It’s not that the cuts aren’t deep enough already, it’s that the economy has barely grown

The chancellor will announce £11.5 billion pounds worth of cuts today because the UK economic recovery is the slowest for 100 years.

The chancellor will announce £11.5 billion pounds worth of cuts today as a result of the UK economic recovery being the slowest for 100 years.

Since the third quarter of 2010, the UK economy has grown by just 1.1 per cent, compared to the 6 per cent forecast at the time.

This compares unfavourably with other developed Western nations, with Germany growing by 2.9 per cent during this period and the US economy growing by 4.9 per cent.

The June 2010 Budget OBR forecast was that the UK economy would by this point be growing at a rate of 2.9 per cent. The latest OBR forecast for 2013 is 0.6 per cent – hardly a ringing endorsement of the policies of the last three years.

What’s remarkable is that Osborne has managed to persuade the public that the level of cuts now required were always in some sense inevitable. And yet idea that people would in 2010 have voted for another round of cuts – this time £11.5 billion – is questionable.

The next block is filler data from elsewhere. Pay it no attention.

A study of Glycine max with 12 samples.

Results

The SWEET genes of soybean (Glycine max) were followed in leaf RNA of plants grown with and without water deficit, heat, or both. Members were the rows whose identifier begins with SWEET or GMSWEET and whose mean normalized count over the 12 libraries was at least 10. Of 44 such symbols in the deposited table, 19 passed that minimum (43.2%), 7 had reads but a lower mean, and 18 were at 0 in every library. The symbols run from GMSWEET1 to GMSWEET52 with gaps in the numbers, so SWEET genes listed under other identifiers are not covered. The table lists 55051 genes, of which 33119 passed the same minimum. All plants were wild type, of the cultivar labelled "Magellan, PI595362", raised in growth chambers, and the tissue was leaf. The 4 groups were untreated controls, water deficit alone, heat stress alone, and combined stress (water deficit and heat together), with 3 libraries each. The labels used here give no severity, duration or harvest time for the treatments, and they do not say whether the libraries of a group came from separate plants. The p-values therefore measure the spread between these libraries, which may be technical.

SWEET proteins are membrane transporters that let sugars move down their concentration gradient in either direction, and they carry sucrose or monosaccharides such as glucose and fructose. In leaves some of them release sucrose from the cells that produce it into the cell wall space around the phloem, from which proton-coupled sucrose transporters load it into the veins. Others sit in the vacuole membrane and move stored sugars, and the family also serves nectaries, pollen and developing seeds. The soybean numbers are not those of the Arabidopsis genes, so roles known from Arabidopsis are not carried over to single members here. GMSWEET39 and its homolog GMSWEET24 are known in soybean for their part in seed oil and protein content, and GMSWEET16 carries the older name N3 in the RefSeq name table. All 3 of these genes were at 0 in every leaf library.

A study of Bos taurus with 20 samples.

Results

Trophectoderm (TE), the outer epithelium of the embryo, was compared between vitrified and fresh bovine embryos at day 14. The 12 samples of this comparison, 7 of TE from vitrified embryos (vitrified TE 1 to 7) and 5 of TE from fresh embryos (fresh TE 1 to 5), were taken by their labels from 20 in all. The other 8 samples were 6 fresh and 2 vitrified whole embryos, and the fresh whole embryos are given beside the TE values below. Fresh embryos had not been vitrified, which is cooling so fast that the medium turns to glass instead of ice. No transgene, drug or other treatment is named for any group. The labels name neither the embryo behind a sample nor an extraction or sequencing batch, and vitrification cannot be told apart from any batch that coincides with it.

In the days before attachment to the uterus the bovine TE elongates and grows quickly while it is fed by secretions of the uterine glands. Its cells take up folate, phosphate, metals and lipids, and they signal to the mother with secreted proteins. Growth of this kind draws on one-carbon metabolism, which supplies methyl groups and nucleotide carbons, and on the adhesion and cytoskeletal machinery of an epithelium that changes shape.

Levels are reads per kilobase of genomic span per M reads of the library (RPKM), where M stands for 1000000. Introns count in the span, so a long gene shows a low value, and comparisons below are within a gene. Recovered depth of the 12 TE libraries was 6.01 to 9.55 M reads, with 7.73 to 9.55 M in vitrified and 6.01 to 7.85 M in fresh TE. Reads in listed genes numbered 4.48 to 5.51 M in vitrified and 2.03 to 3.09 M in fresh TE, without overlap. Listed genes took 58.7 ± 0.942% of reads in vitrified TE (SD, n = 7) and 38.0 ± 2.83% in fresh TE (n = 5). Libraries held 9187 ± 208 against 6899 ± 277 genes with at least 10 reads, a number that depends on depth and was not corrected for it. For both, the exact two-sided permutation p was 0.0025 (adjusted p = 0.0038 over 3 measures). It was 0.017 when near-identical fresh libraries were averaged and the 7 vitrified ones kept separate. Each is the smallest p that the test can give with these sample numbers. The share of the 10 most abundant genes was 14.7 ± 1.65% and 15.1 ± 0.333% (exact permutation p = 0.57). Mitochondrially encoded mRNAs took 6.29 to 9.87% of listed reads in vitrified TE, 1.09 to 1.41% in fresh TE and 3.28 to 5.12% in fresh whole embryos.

One look at the performance of the US economy – which in 2010 was, much like the UK, recovering from the global financial crisis – shows that the different approaches of governments to the global economic crisis has reaped vastly different results.

While UK growth fell back from 1.8 per cent in 2010 to 0.3 per cent in 2012, by contrast the US took its time before cutting – and saw growth level off at around 2 per cent.

The red line represents the US economy, the blue line the UK

OECD graph

The need to cut further in an attempt to balance the books is a result, then, of a lack of growth in the economy. Rather than bringing borrowing down by cutting, ironically the lack of growth means the government is borrowing to pay for failure rather than borrowing to invest and stimulate the economy – as most Keynesians advocated in 2010.

Borrowing is now forecast to be £245bn more than planned at the time of the spending review – excluding the one off transfers of the Royal Mail Pension Fund and Asset Purchase Facility. As a result the government will not balance the books by 2015 and national debt as a percentage of GDP is not now forecast to start falling until 2017/18.

Deficit reduction has also stalled.

Working people up and down the country will feel the impact of George Osborne’s failure when billions of pounds worth of cuts announced later today in the Spending Review filter through to our public services.